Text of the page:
Pet Dehydration

Is your pet panting, with a dry nose and sunken eyes? It might be dehydrated, and we have a pet blog with information on cat dehydration home treatments, signs and symptoms of dehydration in cats and dogs, and how to prevent pet dehydration.

Pet dehydration can be very threatening to your dog's or cat's health if not addressed properly. Find out here how to prevent dehydration in your pet.

It is far more difficult for pets to recover from dehydration than for people, and it can even be lethal. Dehydration occurs more often than you think. It is a state in which the body loses more fluids than it receives. Surprisingly, this occurs more often than one might expect. But what exactly causes your pet to be dehydrated? And how do you know if your pet is not taking in enough water?

Causes of Dehydration

  • Not drinking enough water
  • Urinating more often than usual
  • Excessive panting
  • Heatstroke or fever (the high temperature causes fluids to burn more quickly)
  • Kidney issues

Symptoms of Dehydration

  • Dry nose and gums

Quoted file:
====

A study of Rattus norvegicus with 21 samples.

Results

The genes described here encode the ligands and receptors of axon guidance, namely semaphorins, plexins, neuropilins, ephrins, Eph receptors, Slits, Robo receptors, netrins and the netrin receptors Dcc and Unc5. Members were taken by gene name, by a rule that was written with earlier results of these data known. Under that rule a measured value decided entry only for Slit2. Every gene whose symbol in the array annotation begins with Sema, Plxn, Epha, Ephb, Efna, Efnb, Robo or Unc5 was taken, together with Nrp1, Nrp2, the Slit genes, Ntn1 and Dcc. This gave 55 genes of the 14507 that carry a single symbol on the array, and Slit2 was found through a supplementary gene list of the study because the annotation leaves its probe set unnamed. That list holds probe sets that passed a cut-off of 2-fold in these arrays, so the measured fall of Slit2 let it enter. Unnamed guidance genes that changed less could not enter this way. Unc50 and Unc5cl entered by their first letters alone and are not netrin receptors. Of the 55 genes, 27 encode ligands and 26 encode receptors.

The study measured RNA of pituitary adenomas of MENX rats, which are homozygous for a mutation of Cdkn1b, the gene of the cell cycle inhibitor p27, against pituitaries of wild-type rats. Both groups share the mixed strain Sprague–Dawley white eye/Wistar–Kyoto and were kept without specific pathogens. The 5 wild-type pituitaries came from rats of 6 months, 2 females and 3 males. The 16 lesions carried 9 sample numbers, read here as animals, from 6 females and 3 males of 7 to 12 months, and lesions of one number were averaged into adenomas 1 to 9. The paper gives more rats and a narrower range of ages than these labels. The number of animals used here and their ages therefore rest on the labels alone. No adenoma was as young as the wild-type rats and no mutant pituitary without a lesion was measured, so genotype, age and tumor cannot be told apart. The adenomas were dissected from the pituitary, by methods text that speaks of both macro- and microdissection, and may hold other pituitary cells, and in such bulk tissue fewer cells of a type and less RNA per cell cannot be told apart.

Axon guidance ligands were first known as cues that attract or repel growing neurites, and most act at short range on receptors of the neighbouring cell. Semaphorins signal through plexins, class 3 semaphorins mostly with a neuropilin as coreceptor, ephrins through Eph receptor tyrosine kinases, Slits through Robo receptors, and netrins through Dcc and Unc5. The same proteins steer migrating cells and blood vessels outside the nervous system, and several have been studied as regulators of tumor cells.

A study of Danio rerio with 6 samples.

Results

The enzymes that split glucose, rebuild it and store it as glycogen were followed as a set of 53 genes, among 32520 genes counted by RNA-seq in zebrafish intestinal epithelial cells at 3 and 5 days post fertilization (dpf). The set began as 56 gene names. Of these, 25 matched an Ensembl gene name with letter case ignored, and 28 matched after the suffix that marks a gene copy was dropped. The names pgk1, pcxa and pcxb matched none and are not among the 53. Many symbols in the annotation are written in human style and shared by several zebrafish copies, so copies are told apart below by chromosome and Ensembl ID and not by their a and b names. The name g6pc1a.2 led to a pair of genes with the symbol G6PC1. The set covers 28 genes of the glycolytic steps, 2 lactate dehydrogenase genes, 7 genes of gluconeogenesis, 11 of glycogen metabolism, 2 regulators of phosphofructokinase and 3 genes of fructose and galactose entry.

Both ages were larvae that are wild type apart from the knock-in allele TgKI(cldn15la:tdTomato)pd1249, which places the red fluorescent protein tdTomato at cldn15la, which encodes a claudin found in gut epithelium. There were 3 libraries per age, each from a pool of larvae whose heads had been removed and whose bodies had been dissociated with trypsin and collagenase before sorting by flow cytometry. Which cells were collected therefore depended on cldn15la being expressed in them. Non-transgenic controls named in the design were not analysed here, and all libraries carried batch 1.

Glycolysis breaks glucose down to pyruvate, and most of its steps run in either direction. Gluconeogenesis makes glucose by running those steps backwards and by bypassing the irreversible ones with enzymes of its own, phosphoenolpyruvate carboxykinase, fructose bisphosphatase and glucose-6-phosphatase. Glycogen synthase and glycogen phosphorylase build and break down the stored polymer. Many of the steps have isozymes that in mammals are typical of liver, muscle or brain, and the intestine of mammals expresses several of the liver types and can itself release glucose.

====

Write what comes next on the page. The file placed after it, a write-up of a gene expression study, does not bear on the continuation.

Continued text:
• Lethargic
  • Loss of skin elasticity
  • Panting
  • Sunken eyes
  • Infrequent urination

Helping Your Pet Stay Hydrated

There are numerous ways to help your pet stay hydrated. The simplest thing you can do is to ensure that your cat or dog always has a bowl of freshwater. Keep an eye out for the water bowls if your pet tends to drink more water.  If you plan to go on a long walk, make sure to bring a portable bowl for your dog. Especially during spring and summer days, the heat can get very unpleasant, so your dog will be grateful for a refreshing sip of water. During long-distance traveling, plan enough bathroom breaks for your pet (and yourself, of course) as holding your urine in can weaken the bladder muscles and promote bacteria build-up.

Tip: Placing the water bowl in different places around the house can make it easier for cats and dogs to find and drink water.